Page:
Kauai, HI –The author of the KIRINS trilogy returns with a fourth novel to continue the epic tale of tiny, magical beings who live throughout Earth today. Introducing: KIRINS: The Seer of Serone. (Beaver’s Pond Press, January 18, 2022).
Author James Priest created a race of tiny magical beings called kirins that live on Earth today. Due to ancient frictions, kirins have magically concealed themselves from humans for millennia.
In the fourth installment of this action-packed fantasy series, a disgruntled kirin high magician interrupts the global invisibility spell and kirins everywhere are momentarily visible to humans. Exploiting this breach, a vicious Alaskan fishing boat captain, Jeremy Bailey, captures a kirin named Till and, under threat of torture, exploits Till’s magical abilities for Bailey’s benefit.
A kirin party fights back to deliver Bailey to The Seer of Serone, an esteemed kirin wizard who brings the infamous human to trial. Peering into Bailey’s mind, The Seer will show mercy only if Bailey is a truly changed man.
This lovingly crafted story in the classic fantasy tradition explores the power of empathy, friendship, and forgiveness to heal the rifts that divide.
“KIRINS: The Seer of Serone”
James Priest | January 18, 2022 | Beaver’s Pond Press | Fantasy
Paperback | 978-1-59298-724-5 | $16.95
Ebook | B07CW1XX8Y | $6.99
“This is a very detailed and well imagined world.”
– Netgalley user
“…a whimsical fantasy novel about the power of friendship and tradition.”
– Foreword reviews
James D. Priest, M.D., majored in English at Carleton College in Northfield, Minnesota. He studied English in the masters program and received a Doctor of Medicine degree at the University of Minnesota. He spent three years in Japan as a physician in the Army of the United States caring for casualties from Vietnam, and four years in orthopedic residency at Stanford University. He practiced orthopedics in Minneapolis for twenty-one years. He has authored or co-authored approximately thirty medical articles, and received the Minnesota Medicine Outstanding Writing Award.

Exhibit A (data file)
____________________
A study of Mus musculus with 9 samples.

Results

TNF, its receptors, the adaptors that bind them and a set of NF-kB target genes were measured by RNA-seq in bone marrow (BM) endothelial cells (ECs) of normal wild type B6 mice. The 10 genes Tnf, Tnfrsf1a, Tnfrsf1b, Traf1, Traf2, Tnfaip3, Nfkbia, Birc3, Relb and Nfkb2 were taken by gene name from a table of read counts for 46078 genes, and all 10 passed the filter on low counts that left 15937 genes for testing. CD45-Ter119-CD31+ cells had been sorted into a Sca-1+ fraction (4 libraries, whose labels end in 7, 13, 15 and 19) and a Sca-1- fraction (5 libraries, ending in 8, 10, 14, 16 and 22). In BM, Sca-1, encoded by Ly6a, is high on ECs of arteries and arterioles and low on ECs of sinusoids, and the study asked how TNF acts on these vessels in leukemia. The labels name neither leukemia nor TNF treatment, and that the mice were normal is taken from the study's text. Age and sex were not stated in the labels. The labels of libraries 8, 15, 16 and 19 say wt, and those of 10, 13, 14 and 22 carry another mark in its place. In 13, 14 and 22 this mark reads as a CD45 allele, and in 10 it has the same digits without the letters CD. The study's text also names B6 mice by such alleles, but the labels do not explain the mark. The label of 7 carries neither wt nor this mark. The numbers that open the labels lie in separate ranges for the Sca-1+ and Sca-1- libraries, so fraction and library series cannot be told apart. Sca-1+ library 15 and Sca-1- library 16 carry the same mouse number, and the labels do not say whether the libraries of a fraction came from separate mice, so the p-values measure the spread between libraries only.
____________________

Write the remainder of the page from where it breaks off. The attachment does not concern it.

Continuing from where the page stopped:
In an interview, James can discuss:
- Why he chose to explore empathy and forgiveness in his novels
- Balancing practicing medicine full-time while writing his series
- What inspired him to build an elaborate fantasy world set in modern-day Earth
- Why he explores the challenges of reuniting kirins and humans, who had been co-existing but living entirely separately for millenia
- His inspiration for the unique cast of characters, both kirin and human
- How he has persisted in continuing the series over the span of 40 years
An Interview with James Priest
1. How did you first find inspiration for “KIRINS: The Seer Of Serone”?
The Seer of Serone is the sequel to my KIRINS trilogy but I wrote it to be enjoyed as a standalone adventure, too. I made the characters and their world small because as a child I loved and collected miniatures, and I have always loved fantasy and science fiction. I set out to write a fantasy in the classic tradition: epic storyline, an immersive, all-new world, great characters, powerful and mysterious magic, action, plot twists, an immediate threat, romance, and heroism. And the books are suitable for readers 10 to 110. No vampires, zombies, gore, drugs, or post-apocalyptic landscapes. No obscenities or erotica. No superheroes, just heroes.
2. Why did you decide to have this fantasy series take place on modern day Earth?
Most fantasies are set in a mythical world or in the past or future. I wanted to challenge myself to write a fantasy set in today’s world.
3. When writing a series with a unique, fictional civilization, how did you create the backstory and details for this world?
To set the series in today’s world, I had to create a backstory that would explain how a rich, unrevealed fantasy world could exist all around us on present-day earth. My writing nook overlooked a serene lake and woodland. I visualized a fantasy civilization that might populate that landscape, living joyfully just beyond the reach of human senses. I imagined that those creatures—kirins—were once friendly with humans. But humans, being human, came to treat kirins cruelly. Kirins dissociated and intentionally concealed themselves from humans using magic that both races once shared but humans have long forgotten. Still, there has been a persistent longing within many kirins to reunite with their old allies, human beings, while ancient memories of kirins persist in every human culture through myths about magical little people—faeries, leprechauns, menehune, and the like.
4. What inspired you to stay committed to creating this series over the span of many years?
I love writing and creating, and when you love doing something you never want to stop. But most importantly, I wanted to see my stories come to a satisfying ending.
5. You were working full time when you began this series and describe writing as “a second career”. How did you balance these careers?
I was practicing medicine full-time when I wrote the original trilogy, and it took four years to complete. I wrote early in the morning, at night, on weekends, and on holidays. I was never happier than during those four years when I was writing, having a busy, fulfilling medical practice, and spending time with my family. Someone once asked my wife how many hours a week I wrote. Her answer surprised even me: forty, she said. I never kept track of the time because it never felt like work.